Small steps towards immigrants’ rights in the first week of the New Year, 1.1.2012 – 1.8.2012

11 Jan
Latino speaking to LULAC

Obama speaking to LULAC. AFP/GETTY IMAGES

The Obama administration proposed new rules this week to modify the green card application process for some undocumented immigrants – giving advocates for immigrants’ rights a bit of hope as we enter the New Year. Under the current rules, undocumented immigrants must return to their home country before applying for a green card, and may have to wait up to ten years before returning to the United States. Obama’s proposal will allow some undocumented immigrants, with parents or spouses who are U.S. citizens, to remain in the U.S. while they go through the green card process. This rule change, if approved, will help prevent harmful family separations.

California and Massachusetts faced, and rebuffed, attempts to roll back immigrants’ rights. In California, groups seeking to repeal the California Dream Act – which enables undocumented immigrants to receive financial aid at State universities – announced that they did not collect the signatures needed to put a repeal measure on the ballot. In Massachusetts, the State Supreme Court ruled that legal immigrants must be covered through the State’s health insurance program Commonwealth Care.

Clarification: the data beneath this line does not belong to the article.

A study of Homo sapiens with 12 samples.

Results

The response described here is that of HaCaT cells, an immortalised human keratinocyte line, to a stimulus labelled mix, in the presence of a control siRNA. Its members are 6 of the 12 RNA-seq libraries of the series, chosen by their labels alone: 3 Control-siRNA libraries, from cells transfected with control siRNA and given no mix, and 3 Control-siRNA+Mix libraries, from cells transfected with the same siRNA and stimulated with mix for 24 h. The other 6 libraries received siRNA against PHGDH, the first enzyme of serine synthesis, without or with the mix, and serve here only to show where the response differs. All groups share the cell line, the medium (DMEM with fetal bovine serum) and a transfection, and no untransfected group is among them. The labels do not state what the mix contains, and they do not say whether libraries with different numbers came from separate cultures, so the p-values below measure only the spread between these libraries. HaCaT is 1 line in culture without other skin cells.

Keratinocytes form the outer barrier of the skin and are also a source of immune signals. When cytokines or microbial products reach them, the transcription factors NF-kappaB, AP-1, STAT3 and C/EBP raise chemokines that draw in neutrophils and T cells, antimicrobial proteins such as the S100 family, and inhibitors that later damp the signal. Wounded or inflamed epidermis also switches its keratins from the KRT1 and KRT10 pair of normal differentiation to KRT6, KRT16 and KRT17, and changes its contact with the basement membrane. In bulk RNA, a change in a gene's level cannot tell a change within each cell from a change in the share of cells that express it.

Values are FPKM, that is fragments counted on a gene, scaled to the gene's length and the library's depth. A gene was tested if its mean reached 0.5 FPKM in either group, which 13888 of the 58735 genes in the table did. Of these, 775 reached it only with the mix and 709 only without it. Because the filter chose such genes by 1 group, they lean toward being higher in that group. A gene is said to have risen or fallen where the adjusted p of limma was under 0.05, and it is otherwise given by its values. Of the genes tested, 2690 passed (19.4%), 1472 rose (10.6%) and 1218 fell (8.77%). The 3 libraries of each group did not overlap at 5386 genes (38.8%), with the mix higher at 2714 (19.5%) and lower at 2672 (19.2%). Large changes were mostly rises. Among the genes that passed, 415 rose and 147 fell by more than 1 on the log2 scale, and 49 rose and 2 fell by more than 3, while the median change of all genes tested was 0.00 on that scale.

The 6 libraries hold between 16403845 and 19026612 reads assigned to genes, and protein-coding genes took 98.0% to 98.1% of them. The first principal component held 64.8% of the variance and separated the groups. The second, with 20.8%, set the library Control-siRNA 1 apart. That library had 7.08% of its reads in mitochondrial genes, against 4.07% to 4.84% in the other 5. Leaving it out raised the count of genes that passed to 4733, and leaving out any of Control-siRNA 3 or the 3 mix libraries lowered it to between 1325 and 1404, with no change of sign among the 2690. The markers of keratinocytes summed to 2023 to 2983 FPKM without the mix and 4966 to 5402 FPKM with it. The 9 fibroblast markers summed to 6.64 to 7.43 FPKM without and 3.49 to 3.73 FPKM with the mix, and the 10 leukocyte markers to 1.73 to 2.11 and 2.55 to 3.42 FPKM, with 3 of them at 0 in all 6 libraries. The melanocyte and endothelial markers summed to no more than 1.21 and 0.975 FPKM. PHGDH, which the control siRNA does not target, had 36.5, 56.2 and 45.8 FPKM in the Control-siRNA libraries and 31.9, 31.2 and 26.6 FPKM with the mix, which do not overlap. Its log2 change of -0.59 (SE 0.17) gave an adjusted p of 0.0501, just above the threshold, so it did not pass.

Though these are small victories, following a year of increasing deportations and harsh immigration policies, it is heartening to start off with some good news from the first week of 2012.

In Other News:

Agents’ Union Stalls Training on Deportation Rules, NY Times, 1.8.12
ICE, in a program pushed by President Obama, is organizing a training course for immigration officers and prosecutors to target deportation cases on those immigrants convicted of violent crime. However, the ICE union (the National ICE Council) will not allow its members to partake in the training.

Migrants’ New Paths Reshaping Latin America, NY Times, 1.5.12
The economy, safety, and immigration policies are changing immigration trends across Latin America – with fewer people coming to the U.S., and more people migrating within their home countries, or to other Latin American countries such as Chile, Argentina, and Mexico.